The workplace pensions sector should be given exemptions from tough new data protection rules to enable providers and trustees to continue to run engagement programmes designed to improve retirement outcomes says Scottish Widows.

Widows argues that the new General Data Protection Regulation, which takes effect from 25 May 2018, will severely restrict providers from being able to deliver bulk emails to scheme members, reducing their opportunity to engage with them.

The provider argues that the Department for Work and Pensions and the recommendations of the Financial Advice Market Review have both called for providers to do more to engage people with their workplace pensions, but says the hefty fines for breach of GDPR – which can rise to up to 4 per cent of an organisation’s global turnover – could lead to most providers shying away from engagement programmes that could be perceived as breaking the rules.

GDPR erases all permissions to hold and use data that have been obtained under the Data Protection Act 2003, and requires new permissions to be sought from individuals.

New contracts between anyone holding member data – including scheme administrators, employers, pension consultants, actuaries, auditors and providers – where data is not exchanged in anonymised form.

Under the new rules requests for consent must be separate from other terms and conditions, pre-ticked opt-in boxes are not allowed, and any third parties potentially using the information must be specifically named. Different consents are required for different media – such as mobile phone and email, and individuals must be able to withdraw consent easily.

Scottish Widows head of policy, pension and investments Peter Glancy says: “GDPR means we can’t do a lot of the things that you might want to be able to do to bring people to better outcomes.

“The permissions that we have captured under the old contract, under the Data Protection Act 2003, will cease to be valid from next May. So in future we will not be able to speak to old customers we are currently allowed to speak to.

“The Department of Health and the Home Office have both got derogations where the rules will not apply, for example in relation to criminal convictions and health issues. We think the Treasury, Department for Work and Pensions and FCA need to push for the same sorts of derogations for advice and pensions.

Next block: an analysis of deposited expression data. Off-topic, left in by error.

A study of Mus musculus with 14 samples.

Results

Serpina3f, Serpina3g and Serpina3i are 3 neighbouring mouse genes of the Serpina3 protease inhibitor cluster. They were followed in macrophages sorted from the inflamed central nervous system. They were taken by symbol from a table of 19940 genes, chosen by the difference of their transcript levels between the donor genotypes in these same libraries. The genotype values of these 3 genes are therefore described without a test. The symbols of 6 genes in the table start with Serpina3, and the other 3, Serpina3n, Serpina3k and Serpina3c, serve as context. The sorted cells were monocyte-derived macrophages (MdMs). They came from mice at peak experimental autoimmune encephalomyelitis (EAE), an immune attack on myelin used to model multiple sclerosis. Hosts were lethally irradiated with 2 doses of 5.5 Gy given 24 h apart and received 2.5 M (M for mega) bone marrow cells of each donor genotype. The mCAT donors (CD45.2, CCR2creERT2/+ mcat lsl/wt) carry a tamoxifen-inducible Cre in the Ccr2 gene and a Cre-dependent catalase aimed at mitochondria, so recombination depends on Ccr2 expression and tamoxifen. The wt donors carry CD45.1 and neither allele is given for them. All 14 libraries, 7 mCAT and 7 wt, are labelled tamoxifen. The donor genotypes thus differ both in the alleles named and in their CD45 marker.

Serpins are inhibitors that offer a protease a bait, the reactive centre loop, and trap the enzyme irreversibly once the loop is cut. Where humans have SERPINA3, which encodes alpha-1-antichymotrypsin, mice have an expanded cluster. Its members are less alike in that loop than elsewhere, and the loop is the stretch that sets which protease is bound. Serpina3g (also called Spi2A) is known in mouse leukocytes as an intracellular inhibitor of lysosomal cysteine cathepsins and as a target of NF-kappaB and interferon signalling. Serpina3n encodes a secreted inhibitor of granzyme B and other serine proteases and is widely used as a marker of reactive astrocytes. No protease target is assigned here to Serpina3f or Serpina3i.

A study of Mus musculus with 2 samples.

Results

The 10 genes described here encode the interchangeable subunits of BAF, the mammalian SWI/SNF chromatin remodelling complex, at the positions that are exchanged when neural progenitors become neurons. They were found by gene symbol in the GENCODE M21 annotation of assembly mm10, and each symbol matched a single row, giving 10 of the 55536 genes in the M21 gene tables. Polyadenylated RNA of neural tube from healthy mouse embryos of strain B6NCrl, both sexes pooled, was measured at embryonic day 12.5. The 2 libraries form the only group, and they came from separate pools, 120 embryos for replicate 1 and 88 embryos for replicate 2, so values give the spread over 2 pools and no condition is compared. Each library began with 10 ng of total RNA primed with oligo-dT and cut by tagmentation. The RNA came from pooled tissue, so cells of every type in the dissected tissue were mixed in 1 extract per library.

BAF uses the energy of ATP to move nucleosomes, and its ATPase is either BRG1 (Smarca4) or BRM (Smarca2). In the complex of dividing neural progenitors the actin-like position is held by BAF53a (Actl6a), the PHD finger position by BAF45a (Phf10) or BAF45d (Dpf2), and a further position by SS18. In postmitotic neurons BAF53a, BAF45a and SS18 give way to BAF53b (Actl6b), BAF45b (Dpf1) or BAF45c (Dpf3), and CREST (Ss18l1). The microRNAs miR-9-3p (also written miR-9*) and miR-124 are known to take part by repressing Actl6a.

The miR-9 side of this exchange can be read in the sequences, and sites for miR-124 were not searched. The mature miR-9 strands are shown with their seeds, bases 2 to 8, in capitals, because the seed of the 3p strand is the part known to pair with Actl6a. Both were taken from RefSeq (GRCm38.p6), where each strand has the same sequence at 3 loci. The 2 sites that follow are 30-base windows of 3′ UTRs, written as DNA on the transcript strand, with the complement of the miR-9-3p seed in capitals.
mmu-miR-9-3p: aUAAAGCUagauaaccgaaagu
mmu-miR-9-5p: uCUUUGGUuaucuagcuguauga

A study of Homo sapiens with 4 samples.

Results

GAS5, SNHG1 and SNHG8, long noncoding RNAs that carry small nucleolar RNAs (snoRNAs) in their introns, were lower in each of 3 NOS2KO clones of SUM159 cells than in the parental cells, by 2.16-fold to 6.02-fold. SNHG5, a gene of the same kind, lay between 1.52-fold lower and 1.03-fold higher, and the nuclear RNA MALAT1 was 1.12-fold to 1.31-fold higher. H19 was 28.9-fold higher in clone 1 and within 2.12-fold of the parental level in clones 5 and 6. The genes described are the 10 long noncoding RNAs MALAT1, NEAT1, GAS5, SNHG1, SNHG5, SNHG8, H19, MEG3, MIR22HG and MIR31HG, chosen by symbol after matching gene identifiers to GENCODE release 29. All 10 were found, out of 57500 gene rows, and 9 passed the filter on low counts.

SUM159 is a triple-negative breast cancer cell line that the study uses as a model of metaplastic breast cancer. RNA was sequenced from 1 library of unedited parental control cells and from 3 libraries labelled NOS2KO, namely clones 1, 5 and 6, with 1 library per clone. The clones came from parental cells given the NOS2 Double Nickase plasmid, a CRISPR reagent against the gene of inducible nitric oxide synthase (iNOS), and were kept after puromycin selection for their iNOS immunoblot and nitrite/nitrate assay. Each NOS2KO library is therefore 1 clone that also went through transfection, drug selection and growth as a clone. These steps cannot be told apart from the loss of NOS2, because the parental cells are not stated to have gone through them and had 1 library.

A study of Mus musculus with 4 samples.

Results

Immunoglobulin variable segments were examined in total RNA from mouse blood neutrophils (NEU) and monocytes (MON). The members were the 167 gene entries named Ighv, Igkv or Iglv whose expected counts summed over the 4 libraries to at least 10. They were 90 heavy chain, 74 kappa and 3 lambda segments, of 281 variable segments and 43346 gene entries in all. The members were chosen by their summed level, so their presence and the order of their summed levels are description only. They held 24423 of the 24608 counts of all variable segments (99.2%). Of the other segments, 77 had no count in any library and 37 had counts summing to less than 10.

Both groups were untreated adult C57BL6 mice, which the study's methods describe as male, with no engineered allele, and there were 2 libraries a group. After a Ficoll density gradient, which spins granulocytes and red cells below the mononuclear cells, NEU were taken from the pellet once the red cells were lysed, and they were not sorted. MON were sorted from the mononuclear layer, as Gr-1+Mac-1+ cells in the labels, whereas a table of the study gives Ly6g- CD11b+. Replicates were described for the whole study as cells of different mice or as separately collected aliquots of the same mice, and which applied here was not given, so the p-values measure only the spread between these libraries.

“If the Treasury and DWP want to get people to increase their pension savings, and get the best out of the products that they have already got, they need to sort something out. The derogations would have to be very specific. For example you would not be able to cross sell life insurance to pension customers, but you should be able to talk about whether people are on track to target the retirement that they want, or are in the right products, or are planning their retirement journey. Increasing contributions should be allowed – although that said, under current rules we cannot write to people in a bulk mail and suggest they increase their contributions.

“The maximum fine is in the hundreds of thousands of pounds under the current rules. From next May it will be 4 per cent of global turnover, which is such a massive potential find that nobody is going to go anywhere near crossing the line and taking a chance with this.”

F&TRC director Ian McKenna says: “We were due a paper from the FCA on this but it is yet to appear, and time is pressing on. GDPR will drive a need for the industry across the board to provide far more relevant personalised information to consumers that is so engaging that they want to give consent. You can say the vale of your pension is X’, but I will leave whether you can say ‘and you are 60 per cent towards your target retirement figure’ to the lawyers.

“But I don’t see why policymakers would give the life insurers an exemption on this. They need to make their communications engaging enough that people do give consent.”



FCA rolls back on Mifid II client call recording rules


    Nonsense, for most big firms it will barely dent their profit margin, especially as none of them will actually be fined the maximum once they have pulled some strings. The fine should be up to 100 per cent of turnover earned during the period the company was breaking the law. And no, you shouldn’t get an exemption so you can flog annuities and overpriced plans to your captive audience.